Tuesday, February 2, 2010

The Repugnancy of Sin

Exodus 29:38 "Now this is what you shall offer on the altar: two lambs of the first year, day by day continually."

Are you disgusted by sin? Its ill effects are enough to make one nauseous when the weight of the curse sets in to one's mind. Nations are leveled by earthquakes, floods, and famines. Families set against one another in violence. Misunderstandings lead to bitterness and lifelong anger. Disease, pain, cancer, lame limbs, heart disease, diabetes, depression, suicide, Alzheimer's, and death are the atmosphere of a people cursed by the effects of sin. Contentions, wars, suicide bombers, soldiers in wheelchairs, artificial legs and arms come because of the authorship of sin by mankind.

As foul as these effects of sin may be, God gave us a picture of sin's consequences as compared to His holiness through the people of Israel. As God laid out the plans for the tabernacle, which foreshadowed the Jerusalem temple, a grisly scene unfolded before the people whom He led from Egypt. Day after day, animal sacrifices took place before the nation as a constant reminder of sin's curse. And what a vivid reminder it is. In the tabernacle and eventually in the temple, we see daily a bloodbath of animal slaughter. Lambs and bulls whose throats were cut, the blood drained, the carcass and meat and entrails separated and burned. This relentless and never ending spectacle of blood and death stood as a testimony and reminder of sin. Can you imagine the scene? Animal after animal led to be butchered on behalf of man's offenses. Can you hear the sounds of lambs calling out in longing to return to their owners as they are led to the priest where their flesh was opened and their white wool stained with the scarlet flow of their own blood? Can you imagine the stench of a place where animals are massacred under the priest's knife every single day because of the uncleanness of the people?

Oh that this would cause the children of Israel to hide their faces in their hands and lament that the sacrifice is never complete. The macabre marches on, day after day, to remind them that the atonement is never complete. But yet, it did not have that effect on Israel. Soon, they became calloused to sin, and such sacrificing became mere routine. And one day, when a sacrifice came that would put an end to all other sacrifices; when the One came whose blood would finally and completely atone in what the blood of bulls and sheep failed to do; they by and large disregarded Him and the effects of sin.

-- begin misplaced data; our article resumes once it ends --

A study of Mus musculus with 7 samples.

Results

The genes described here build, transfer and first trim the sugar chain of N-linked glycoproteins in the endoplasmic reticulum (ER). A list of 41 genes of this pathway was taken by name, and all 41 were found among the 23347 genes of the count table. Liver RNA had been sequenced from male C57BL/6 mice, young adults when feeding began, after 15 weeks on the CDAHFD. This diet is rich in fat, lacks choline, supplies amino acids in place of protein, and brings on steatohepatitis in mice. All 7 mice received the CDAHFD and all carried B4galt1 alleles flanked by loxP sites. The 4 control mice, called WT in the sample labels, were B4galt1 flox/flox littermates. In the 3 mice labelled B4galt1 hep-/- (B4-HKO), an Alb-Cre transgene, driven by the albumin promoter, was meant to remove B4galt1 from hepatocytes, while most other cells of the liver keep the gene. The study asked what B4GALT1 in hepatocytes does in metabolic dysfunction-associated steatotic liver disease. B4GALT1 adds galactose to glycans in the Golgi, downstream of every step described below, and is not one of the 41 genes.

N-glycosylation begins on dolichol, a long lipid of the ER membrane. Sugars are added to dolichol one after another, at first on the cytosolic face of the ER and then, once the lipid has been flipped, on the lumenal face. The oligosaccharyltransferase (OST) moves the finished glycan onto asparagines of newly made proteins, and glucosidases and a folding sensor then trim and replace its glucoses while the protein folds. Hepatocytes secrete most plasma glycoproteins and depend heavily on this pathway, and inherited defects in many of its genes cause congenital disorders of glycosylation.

God's Holiness and man's sin cannot coexist. Yet it appeared for thousands of years that God was allowing that to happen. The world plunged deeper and deeper into sin as His own people even failed to keep the Law that He had given them. Animals were slain day after day as atonements for sin, but none fully paid the penalty that His Holiness called out for. These were mere shadows of what was to come. Jesus Christ became the lamb that was slain upon the Holy altar of God's sacrifice in order to atone for sin. He entered the vile, filthiness of sin, and became sin on our behalf. The weight and vileness of sin cannot be realized by those of us who now live and walk this earth. We see and experience much of its ill effects, yet we do not comprehend the full load of mankind's sin against a Holy God. But Christ does. The one whose body was broken and whose blood was spilled like the lambs who were slaughtered day in and day out at the altar in the tabernacle and temple. And it is in His sacrifice that we can escape the curse of sin and enjoy Him freely. Where the blood of animals failed to atone for our sin and continually reminded us of our state before His Holiness, we now have one we can look to and say, "It is finished! There is atonement, there is sacrifice, there is peace with God!"